Chastized by a Friend

My friends and I wrote to each other with passion when we were on the threshold of twenty.

I happened today upon the following chastizing letter a friend apparently wrote to me more than forty years ago. It is unsigned and undated, but the other letters it was tucked in with place it in 1963. I’m pretty sure I know who must have written it.

It’s harsh but on target, prompted probably by one of my many depressed letters I wrote in my adolescence, despair-drenched missives in which I flirted compulsively with the romance of suicide. I quote his response to me in its entirety, unedited.

oh howard, will you stop this shit? the last time I wrote a thing like yours i was ready to die. je(a)sus god, before you go lose your soul, your poor ofay soul, in prussian square come talk to me. look man, I laid a few on your head, but i didn’t know what was comin off. you know the word, man, but you jest so hung up. dont be so dumb. please play it cool for me, God, and the Fat Lady. for me. for mine and everybody’s goddman [sic] petty banal life. for the lovers you never had. for yourself you hate so bad.

i don’t give a shit about the dribble b——- is going to write you or the good word from b–, i don’t care about being bound in your hang ups. man, i am bitter about you. when are you going to give up this abstract image of yourself – your body mind dichotomy – and live with your body? don’t go and blow your cool. HEAR ?

The writer of the foregoing himself died by his own hand a few years later. That doesn’t invalidate his rebuke to me; it’s a wonder he lasted as long as he did, that his hands didn’t fall off his arms before he graduated from high school from all the razor slices he had applied to his wrists. His own daily pain was ten times as bad as mine has ever been. (Bipolar disorder is what they would call it today, I believe.) For a time he and I were like two people sinking side-by-side in quicksand, each trying to prevent the other from sinking. Ah, those wonderful high school years!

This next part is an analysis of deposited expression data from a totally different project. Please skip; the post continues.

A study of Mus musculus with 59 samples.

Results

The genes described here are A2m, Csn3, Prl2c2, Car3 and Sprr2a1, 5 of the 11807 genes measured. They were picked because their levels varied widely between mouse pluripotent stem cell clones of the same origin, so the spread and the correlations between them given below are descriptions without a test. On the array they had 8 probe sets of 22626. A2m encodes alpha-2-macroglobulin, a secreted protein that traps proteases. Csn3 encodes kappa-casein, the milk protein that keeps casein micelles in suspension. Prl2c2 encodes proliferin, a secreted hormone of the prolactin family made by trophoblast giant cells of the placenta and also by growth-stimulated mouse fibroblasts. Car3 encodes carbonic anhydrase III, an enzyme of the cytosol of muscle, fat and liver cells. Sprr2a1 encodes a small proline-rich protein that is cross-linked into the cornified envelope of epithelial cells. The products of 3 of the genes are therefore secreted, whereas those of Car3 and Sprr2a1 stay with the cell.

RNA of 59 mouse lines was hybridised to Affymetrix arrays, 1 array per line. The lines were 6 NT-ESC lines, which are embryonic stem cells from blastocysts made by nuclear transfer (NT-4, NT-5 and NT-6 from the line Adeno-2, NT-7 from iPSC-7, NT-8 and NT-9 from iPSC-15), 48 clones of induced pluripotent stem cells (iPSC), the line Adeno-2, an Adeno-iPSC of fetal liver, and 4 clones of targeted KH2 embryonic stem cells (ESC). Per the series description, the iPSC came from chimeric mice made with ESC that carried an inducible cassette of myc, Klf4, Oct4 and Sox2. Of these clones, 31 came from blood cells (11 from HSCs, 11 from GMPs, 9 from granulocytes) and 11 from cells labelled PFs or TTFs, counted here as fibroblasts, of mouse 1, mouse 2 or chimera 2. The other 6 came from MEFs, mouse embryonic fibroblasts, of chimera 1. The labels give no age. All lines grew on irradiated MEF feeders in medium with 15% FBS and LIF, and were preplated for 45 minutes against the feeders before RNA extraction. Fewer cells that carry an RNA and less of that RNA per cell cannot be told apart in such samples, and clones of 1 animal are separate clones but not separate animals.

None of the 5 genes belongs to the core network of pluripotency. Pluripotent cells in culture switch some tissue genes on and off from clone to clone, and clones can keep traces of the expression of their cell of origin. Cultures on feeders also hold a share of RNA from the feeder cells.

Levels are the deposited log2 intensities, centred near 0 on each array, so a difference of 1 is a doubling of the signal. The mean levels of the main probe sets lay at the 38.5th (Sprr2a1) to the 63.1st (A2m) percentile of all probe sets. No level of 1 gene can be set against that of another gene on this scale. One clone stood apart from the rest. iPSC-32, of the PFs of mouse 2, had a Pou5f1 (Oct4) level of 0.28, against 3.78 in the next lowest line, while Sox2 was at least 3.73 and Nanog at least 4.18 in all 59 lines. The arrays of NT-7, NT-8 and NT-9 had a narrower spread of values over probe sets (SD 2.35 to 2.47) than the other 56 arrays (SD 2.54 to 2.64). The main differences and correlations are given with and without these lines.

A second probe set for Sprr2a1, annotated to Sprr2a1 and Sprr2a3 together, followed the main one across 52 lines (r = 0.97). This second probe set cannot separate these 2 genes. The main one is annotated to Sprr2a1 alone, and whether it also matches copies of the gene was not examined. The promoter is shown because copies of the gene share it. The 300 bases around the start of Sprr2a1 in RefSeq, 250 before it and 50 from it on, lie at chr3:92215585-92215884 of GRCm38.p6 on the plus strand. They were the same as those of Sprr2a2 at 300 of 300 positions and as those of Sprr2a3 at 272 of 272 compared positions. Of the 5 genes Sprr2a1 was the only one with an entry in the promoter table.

I was thinking about this friend when I wrote the following song lyric in 1976:

He died every day of his life
that he could.
He said, when his time came
to leave this world,
he was gonna make it good.
He said, I’m gonna give my blood
So the world will know I died.
And he planned it out
how the world would cry
that he had passed to the Other Side.

They’d say:
Good-bye, Jimmy Joe.
It’s a bummer you’ve gone to stay.
We’d like you back
For the songs you’d sing
And the melodies you’d play.
You made us cry
But the tears were sweet
And they made us feel alive.
Now your bad trip is over,
Your bones are dry,
And I guess we’ll all survive.

He wrote out a beautiful note
from his heart.
He wrote how the misery
and pain of life,
they could tear a boy apart.
How the only friend he had
Was a razor blade of steel.
And he laughed a bit,
’cause he knew damn well
how the folks back home would feel.

They’d say:
Good-bye, Jimmy Joe.
It’s a bummer you’ve gone to stay.
We’d like you back
For the songs you’d sing
And the melodies you’d play.
You made us cry
But the tears were sweet
And they made us feel alive.
Now your bad trip is over,
Your bones are dry,
And I guess we’ll all survive.

My friend Mike Lantrip (who in a jollier sprit composed the bouncy music for "Purchaser’s Clearing House") wrote a simple, haunting tune for "Jimmy Joe." The Indian Springs Glee Club even sang it in concert one year.

About Howard

I'm a cartoonist and writer, best known for my graphic novel, Stuck Rubber Baby, and my comic strip from the 1980s, Wendel.